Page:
A few days after uncovering the CCleaner malware attack, researchers found out that some high-profile technology companies were the main target of the attackers.

Last Monday, news of the CCleaner malware attack made headlines after threat analysts from Cisco Talos found a security breach on the server which handles the download of CCleaner Version 5.33. Apparently, the breach enabled the unknown group of hackers to replace the legitimate program with a copycat malware version.

That time, the researchers assured everyone that there’s no second stage malware used to execute the massive attack and that affected users, around 2.3 million users worldwide, can just simply update their downloaded V5.33 to V5.44 or higher to get rid of the malicious program.


On a recent report released by Cisco Talos, they said:

“During our investigation we were provided an archive containing files that were stored on the C2 server. Initially, we had concerns about the legitimacy of the files. However, we were able to quickly verify that the files were very likely genuine based upon the web server configuration files and the fact that our research activity was reflected in the contents of the MySQL database included in the archived files.”

CCleaner Malware Attack: The High-Profile Targets

According to the analysts from Talos, during their investigation, they were provided with an archive containing files that were stored on the CCleaner malware attack C2 server. Upon checking, the files were found to be legitimate and based upon the server configuration files. The archive files also showed Cisco’s research activity in the contents of the included MySQL database.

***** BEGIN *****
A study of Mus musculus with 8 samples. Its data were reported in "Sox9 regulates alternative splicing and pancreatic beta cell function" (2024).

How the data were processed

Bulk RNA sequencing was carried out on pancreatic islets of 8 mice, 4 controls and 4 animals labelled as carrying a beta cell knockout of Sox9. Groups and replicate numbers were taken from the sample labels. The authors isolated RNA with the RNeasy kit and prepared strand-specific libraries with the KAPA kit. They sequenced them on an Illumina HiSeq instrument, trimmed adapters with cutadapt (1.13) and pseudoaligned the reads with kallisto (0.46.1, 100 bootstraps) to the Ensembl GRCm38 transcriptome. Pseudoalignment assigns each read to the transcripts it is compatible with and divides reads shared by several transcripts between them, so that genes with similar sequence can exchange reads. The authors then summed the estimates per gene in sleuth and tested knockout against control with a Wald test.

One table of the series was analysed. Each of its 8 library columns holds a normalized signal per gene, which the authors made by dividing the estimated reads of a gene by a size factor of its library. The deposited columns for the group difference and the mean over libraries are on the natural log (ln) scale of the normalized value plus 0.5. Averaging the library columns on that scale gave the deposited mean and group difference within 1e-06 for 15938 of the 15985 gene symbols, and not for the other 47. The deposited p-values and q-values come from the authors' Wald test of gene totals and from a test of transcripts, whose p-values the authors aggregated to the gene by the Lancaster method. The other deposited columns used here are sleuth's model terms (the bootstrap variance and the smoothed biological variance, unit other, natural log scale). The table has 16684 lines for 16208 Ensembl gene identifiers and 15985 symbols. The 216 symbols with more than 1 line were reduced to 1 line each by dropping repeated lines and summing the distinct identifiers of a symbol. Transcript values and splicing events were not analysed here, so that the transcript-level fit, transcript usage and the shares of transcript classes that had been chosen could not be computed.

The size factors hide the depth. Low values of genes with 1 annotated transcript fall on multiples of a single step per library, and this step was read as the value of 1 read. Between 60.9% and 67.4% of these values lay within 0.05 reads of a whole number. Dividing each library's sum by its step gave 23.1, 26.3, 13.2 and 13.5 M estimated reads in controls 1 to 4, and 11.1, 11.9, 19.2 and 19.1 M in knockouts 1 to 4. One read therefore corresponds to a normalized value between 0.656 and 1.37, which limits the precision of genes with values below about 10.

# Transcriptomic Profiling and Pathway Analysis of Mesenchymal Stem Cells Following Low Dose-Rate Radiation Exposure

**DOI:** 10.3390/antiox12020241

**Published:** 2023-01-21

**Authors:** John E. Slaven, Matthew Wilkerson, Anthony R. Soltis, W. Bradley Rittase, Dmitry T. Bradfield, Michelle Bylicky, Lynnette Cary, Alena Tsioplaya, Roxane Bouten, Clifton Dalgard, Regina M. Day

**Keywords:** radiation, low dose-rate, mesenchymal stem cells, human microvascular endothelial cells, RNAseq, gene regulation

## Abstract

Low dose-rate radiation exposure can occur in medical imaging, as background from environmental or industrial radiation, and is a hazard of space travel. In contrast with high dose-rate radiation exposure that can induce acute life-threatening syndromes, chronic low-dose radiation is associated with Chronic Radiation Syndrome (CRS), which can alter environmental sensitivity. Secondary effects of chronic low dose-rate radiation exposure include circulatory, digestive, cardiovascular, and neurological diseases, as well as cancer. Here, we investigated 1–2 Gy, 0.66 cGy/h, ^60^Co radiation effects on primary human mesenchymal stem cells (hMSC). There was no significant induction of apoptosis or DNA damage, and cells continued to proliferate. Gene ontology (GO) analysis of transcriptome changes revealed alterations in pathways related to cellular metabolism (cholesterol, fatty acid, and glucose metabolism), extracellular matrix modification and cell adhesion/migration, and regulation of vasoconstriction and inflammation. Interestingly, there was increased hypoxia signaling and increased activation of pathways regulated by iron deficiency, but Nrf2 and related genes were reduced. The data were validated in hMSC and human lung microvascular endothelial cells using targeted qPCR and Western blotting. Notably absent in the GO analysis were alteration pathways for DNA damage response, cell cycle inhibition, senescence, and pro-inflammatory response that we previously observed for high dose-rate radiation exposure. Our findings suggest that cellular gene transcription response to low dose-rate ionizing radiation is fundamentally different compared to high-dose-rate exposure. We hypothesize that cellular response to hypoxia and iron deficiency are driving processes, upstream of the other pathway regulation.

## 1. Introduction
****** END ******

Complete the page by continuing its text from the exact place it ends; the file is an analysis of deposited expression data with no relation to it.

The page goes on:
“In analyzing the delivery code from the C2 server, what immediately stands out is a list of organizations, including Cisco, that were specifically targeted through delivery of a second-stage loader. Based on a review of the C2 tracking database, which only covers four days in September, we can confirm that at least 20 victim machines were served specialized secondary payloads. Below is a list of domains the attackers were attempting to target,” the team added.

The predefined list mentioned in the C2 server confirms that the CCleaner malware attack was specifically designed to find computers within the networks of some major technology companies where the second payload will be delivered. The list includes:

  • Google
  • Microsoft
  • Cisco
  • Intel
  • Samsung
  • Sony
  • HTC
  • Linksys
  • D-Link
  • Akamai
  • VMware
List of tech companies targeted by the CCleaner Malware Attack
List of tech companies targeted by the CCleaner Malware Attack | Cisco Talos | blog.talosintelligence.com

Further investigation into the database uncovered a list of nearly 700,000 backdoored machines infected by the first stage payload of the malicious CCleaner version, plus around 20 machines that were already infected by the secondary payload that will be used to infiltrate those systems deeper.

Apparently, the alleged 20 machines were specifically chosen by the hackers based on their Domain name, IP address, and Hostname. Because of this, researchers were convinced that the secondary payload would be used for espionage.

Researchers from Kaspersky Labs said that the CCleaner malware attack shares some codes with the hacking tools used by the China-based hacking group Axiom, which is also known as APT17Group 72, DeputyDog, Tailgater Team, Hidden Lynx or AuroraPanda.

In addition to the said information, Talos also noted that one configuration file on the attackers’ server was set to China’s time zone, an apparent hint that the source of the CCleaner malware attack could be China.

Unfortunately, removing the Avast’s software from the infected machines would not be enough to get rid of the secondary payload malware from the tech companies’ networks. Instead, researchers strongly suggest that the said companies restore their systems from the backup version before the installation of the CCleaner malware version.

Should Avast be held accountable for this security breach? Let us know in the comment section below!